The following is part of a 20 day challenge to get into a better habit of blogging. Each day presents a new prompt. Today’s prompt was “Give and Take,” write a post based on the contrast between two things — whether people, objects, emotions, places, or something else. The twist today was to write it as a dialogue.
The digital sign board ahead reads “20” in giant orange numbers.
The street side crowd is growing in size.
“Go, Brian! GO!” a few chant.
My name is on my race bib.
“I don’t think I can,” is my reply.
I’ve been at this for nearly 3 hours now. Up hills and down, through flat stretches and sparse areas with no crowds to cheer me on.
“I started out too fast. I got too caught up in you,” I say to the crowd. “I want to stop and walk, at least for a minute.”
“NO,” says a voice out of nowhere. “You are just six miles out. You have 20 behind you. Come on, that’s such a short distance.”
My left leg throbs near the shin. Muscles are tight.
“You are right. You are right,” I say back, as enthusiastically as possible.
I put my sights on the next water station a quarter-mile ahead.
“Thank you,” I tell the volunteer who hands me a paper cup, half full of warm water.
I crimp one side of the cup, still running and take a sip. The liquid a flash flood across my parched tongue.
I pitch the cup to the curb and pick up my speed again.
“Looking strong! Keep it up! You got this!”
“I do. I got this, I think. No, absolutely, I do.”
Minutes pass, it feels like forever. The mile 21 sign appears.
Crowds grow bigger. There is a belly dancer cheering us on.
“You got this. It’s your birthday,” someone sing-song cheers.
“It is my birthday. I turn 35 today. What the hell am I doing?”
The leg starts throbbing, keeping beat like a metronome.
“A walk and a stretch might help.”
“Come on, you got this. Focus on your breathing.bPush the stomach out as you breathe in. Now breath out.”
“Just a little further!”
Sign 22 appears.
I turn a corner. This girl, tall and blonde, all legs comes sailing by me to my left.
“Hey, how are you doing?” she asked with ease.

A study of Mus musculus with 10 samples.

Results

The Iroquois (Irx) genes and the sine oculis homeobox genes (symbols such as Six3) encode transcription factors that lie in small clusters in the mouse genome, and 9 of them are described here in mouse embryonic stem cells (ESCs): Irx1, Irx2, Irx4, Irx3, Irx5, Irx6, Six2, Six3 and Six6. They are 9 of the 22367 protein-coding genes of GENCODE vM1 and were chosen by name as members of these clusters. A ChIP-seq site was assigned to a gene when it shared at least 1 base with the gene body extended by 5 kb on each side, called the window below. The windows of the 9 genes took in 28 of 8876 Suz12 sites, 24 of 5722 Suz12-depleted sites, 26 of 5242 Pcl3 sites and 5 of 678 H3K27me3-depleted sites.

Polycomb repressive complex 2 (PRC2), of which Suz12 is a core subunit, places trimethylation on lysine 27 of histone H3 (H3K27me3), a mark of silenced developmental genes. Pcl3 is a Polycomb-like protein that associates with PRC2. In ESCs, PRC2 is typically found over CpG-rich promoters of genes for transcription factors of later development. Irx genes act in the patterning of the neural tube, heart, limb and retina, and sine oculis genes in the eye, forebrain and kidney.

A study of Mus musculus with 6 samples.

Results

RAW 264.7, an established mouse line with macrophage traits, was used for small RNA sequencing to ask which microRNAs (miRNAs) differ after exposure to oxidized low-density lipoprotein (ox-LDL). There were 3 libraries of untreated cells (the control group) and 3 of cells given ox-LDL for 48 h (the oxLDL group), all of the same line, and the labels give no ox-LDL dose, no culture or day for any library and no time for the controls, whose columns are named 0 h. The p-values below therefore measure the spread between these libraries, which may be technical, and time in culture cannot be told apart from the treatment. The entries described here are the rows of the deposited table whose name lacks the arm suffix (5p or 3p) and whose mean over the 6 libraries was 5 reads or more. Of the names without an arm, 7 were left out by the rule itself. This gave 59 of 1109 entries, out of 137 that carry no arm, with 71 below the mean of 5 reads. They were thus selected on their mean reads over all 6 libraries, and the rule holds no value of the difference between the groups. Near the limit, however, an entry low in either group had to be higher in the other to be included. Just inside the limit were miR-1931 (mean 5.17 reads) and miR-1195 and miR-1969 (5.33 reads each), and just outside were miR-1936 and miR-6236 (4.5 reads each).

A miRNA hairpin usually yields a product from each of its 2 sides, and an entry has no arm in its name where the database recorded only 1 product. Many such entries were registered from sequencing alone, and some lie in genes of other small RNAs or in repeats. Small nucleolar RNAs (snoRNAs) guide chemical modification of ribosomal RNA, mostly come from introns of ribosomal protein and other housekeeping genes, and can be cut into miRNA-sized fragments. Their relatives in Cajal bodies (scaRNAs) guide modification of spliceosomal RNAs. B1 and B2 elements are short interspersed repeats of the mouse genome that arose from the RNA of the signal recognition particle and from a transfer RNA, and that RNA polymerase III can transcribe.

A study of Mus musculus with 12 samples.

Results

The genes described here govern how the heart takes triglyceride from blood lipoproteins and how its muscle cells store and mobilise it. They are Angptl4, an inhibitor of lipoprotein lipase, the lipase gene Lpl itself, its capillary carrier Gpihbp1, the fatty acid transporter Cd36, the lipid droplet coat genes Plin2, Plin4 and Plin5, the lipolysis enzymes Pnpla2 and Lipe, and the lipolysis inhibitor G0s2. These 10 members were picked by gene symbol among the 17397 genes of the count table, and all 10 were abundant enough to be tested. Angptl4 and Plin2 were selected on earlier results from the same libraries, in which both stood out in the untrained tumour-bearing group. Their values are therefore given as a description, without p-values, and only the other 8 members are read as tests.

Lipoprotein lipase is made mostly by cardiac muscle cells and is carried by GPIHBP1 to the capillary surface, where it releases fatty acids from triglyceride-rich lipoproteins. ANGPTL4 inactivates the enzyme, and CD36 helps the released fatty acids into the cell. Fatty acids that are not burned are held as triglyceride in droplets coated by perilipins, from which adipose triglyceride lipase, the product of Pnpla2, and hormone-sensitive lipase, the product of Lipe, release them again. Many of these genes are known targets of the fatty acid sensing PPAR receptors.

“OK,” I say, sheepishly as she pulls ahead.
I passed her so effortlessly going uphill at mile 7.
I start to deflate.
“Come on. Look at that behind. She’s got a nice butt. Couldn’t you follow that all the way to the finish?”
“It is a nice butt. Maybe I can follow along for a minute, but I have to say this isn’t right.”
“You said butt twice.”
“She’s getting too far ahead. I have to stop and walk.”
“Keeping going. You’re almost there! Not that far now!”
“The motivation is all the same. I’m tired.”
“Just for a minute,” I say as my body slows to a walk. “It feels so good.”
“It feels like defeat.”
“Just until this water stop in front of us.”
The pull of the crowd, the push back of tired muscles. Each slow down makes each start-up to a jog that much harder.
By mile 24, I am almost in tears.
“I’m not going to finish. I’ve trained so hard and I’m not going to finish.”
“You can make it. You are almost there.”
“No, I can’t!”
“Looking good. Go! Go! Go!”
“DON’T BE A PUSSY.”
“Ugh, really? Fuck you.”
“God, what mile is this, I can’t think straight.”
Mile 25 sign ahead.
The crowd grows dense.
“Come on, keep going, you don’t want to look bad in front of all these people.”
“Shit. Just shit.”
The crowd’s cheer turns into a roar.
“My left leg really hurts. Something’s broke.”
“You can see the finish just around this corner!”
“I think something is broke!”
“You’ve gone so far. Almost there!”
“But my foot is swollen.”
“Look, look, there’s the finish.”
“Damn. I’m going to do this. I am almost there.”
“Do. Not. Cry.”
“Just a few more feet.”
“Don’t fall on your face as you cross the finish line.”
“I did it. I did it. I really ran 26.2 miles.”
The official nearby smiles at me and places the medal over my head.
“I was 11 minutes slower than my goal time.”
“We’ll do better next year,” the voices in my head say in unison as I limp toward waiting family and friends.